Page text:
A few weeks ago, we met up with longtime friends for a Major League Baseball game. During the fourth inning, a question came up about another mutual friend of ours who lives a few states away, whom I haven’t been in contact with for years. Naturally, I pulled out my phone and started thumb-tapping her name, happy to see she was still in my contacts. Before I had time to overthink it and consider how random, ridiculous, or rude it was to pop in out of nowhere, I texted Ashley our question: “Remind me of your brother-in-law’s name, and does he still work for the Braves?” Followed by, “How are you???”
To my surprise and delight, she replied quickly. (After all these years, I guess I was still in her contacts too.)
When she replied, “I’m okay,” I intuitively understood something wasn’t okay.
“I’m okay” isn’t the answer you give when you’re doing well. It’s the same answer I give to well-meaning strangers, acquaintances, and even friends when I can’t spare the emotional energy to elaborate on all the hard things going on in my life this year, or it’s just not appropriate to share. “I’m okay” can mean “I’m not really great, but things could be a whole lot worse.” And, sometimes it means “I’m getting through today the best I can.”
During those seasons, “I’m okay” is the truth, but barely.
My friend briefly recapped what was going on in her life, including happy things alongside the hard. Regardless of our particular circumstances, grief, heartache, and loss are painful, and pain is downright greedy. It demands more than its share of attention, which is why it is so important to notice, acknowledge, and savor the good things in our lives, too.
Painful circumstances can blind us to the goodness of God, but that doesn’t mean God isn’t good. It just means the pain is temporarily clouding our vision. And, sometimes, all it takes to see God and His goodness clearly is a little help from our friends.
A transparent text exchange with a friend I haven’t seen or talked to in ages reminded me how simple it is to make a difference in someone’s life. This year has been kicking my behind since the first day of 2023, but I’m learning how to love others better simply because of how I’m being loved.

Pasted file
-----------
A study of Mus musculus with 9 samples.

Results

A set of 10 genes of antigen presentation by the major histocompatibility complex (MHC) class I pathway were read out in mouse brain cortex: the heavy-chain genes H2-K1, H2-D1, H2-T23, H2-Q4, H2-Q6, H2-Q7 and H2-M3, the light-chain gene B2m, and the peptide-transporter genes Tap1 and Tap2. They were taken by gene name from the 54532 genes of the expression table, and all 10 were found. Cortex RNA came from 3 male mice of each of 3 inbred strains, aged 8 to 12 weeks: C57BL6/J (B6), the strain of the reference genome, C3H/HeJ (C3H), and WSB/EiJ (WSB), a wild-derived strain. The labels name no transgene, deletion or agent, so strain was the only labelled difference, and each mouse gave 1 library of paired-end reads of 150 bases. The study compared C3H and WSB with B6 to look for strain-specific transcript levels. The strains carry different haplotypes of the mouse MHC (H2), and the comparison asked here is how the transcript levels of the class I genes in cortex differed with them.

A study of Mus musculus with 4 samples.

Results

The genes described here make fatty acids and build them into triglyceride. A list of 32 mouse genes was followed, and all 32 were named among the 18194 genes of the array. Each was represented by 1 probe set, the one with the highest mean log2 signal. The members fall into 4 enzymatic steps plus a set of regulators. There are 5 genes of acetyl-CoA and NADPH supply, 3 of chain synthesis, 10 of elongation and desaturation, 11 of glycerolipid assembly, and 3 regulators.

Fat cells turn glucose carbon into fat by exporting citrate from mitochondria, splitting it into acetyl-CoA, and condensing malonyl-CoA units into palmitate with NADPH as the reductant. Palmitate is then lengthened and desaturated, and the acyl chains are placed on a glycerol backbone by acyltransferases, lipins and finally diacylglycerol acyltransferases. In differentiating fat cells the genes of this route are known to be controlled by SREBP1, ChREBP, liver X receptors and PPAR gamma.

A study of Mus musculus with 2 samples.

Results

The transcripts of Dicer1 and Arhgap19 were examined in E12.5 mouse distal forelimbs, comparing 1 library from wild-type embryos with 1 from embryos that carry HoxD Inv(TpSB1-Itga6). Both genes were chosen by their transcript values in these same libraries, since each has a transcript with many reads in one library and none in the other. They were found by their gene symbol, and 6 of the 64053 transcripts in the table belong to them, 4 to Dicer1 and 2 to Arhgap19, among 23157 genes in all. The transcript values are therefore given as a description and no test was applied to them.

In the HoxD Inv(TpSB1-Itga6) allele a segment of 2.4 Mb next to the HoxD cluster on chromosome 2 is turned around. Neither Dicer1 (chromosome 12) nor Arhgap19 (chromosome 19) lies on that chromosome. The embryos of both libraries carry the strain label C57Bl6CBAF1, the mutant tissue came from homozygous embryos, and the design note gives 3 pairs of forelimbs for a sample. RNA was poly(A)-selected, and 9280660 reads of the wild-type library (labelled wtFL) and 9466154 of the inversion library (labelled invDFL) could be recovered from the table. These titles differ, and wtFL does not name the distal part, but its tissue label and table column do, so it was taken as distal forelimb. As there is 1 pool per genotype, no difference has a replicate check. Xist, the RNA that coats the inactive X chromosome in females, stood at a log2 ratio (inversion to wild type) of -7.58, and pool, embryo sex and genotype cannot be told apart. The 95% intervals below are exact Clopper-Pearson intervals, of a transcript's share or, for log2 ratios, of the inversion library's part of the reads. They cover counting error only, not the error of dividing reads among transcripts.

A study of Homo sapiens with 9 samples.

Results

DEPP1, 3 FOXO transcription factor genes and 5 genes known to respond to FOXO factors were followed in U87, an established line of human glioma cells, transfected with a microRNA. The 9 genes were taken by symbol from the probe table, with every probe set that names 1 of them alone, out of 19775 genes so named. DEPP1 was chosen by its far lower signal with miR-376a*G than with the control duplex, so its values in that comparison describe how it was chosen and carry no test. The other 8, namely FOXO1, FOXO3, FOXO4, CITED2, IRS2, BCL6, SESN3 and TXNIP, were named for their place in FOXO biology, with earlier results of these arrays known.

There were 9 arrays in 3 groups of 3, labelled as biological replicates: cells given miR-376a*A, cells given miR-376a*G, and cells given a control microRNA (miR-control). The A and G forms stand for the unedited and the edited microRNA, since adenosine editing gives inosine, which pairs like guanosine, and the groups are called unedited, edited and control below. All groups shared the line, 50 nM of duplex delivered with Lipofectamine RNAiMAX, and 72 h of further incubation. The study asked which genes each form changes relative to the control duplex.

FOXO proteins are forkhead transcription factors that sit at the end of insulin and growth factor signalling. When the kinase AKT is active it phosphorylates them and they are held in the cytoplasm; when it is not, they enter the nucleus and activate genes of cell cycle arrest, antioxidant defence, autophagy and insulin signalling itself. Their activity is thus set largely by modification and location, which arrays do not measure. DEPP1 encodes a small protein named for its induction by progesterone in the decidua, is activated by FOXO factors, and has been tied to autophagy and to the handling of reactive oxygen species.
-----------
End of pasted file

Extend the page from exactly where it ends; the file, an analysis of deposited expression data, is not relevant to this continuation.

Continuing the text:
If you have a friend who is struggling, she needs you. As a believer, you get to be the hands and feet of Christ to your precious friend by loving her in a tangible way. Isn’t that beautiful?
Wondering how you can love a friend when you know she’s really struggling?
Listen with an empathetic heart. One of the most powerful ways I’ve felt loved is to be heard by friends who are fully present and engaged. Resist the urge to offer quick fixes or solutions; instead, let your friend express herself without judgment. If she cries, let her cry. Tears are an expression of our emotions when words are not enough. God designed our bodies with the capacity to cry for a reason.
Pray for and with her. Prayer is a powerful tool — let it be your first impulse, not a last resort. Pray with her when you have the opportunity. Praying together will remind her of God’s presence in the midst of her circumstances.
Show up. People have “shown up” for me by calling, texting, sending cards, messaging on Voxer, and literally showing up at my house or work. If it makes sense, offer practical assistance to a friend who’s struggling. Help with household chores, run errands, or deliver a meal. Just…show…up.
Share encouraging Scripture. Scripture is always a source of comfort, truth, and hope. Share verses or passages that have helped you through hard times. Encourage your friend to meditate on God’s Word and find solace in His promises.
Suggest professional help. While your support is invaluable, sometimes professional assistance is necessary. Encourage her to consider seeing a therapist or seek guidance from a pastor if the situation warrants it. Assure her that seeking help is not a sign of weakness but a courageous step towards healing and growth.
Respect her boundaries. While your intentions may be genuine, your friend may need space. Even though I’m an open book, sometimes I can’t talk about my stuff. Allow your friend to process her emotions in her own way and time.
Share your own experiences. If you’ve faced similar challenges in the past, share your own experiences. A childhood friend has been an incredible encouragement because she’s walked my steps and understands my pain from the inside out. Yet try to keep your conversations focused on her needs and emotions, rather than solely on your own experiences.
Point her to God’s love. In loving me, friends have truly reflected God’s extravagant love. They’ve reminded me that God cares deeply for me and I am never alone. Encourage your friend to trust God, knowing He is working all things together for her good.
Loving friends well is our privilege as a follower of Christ, and I’m hopeful to give what I’ve received. When we love others well, we’re demonstrating the compassion and empathy that Jesus showed during His earthly ministry. The goal is always to point a friend toward the unfailing love and grace of God, which, ultimately, is what we really need when we’re struggling.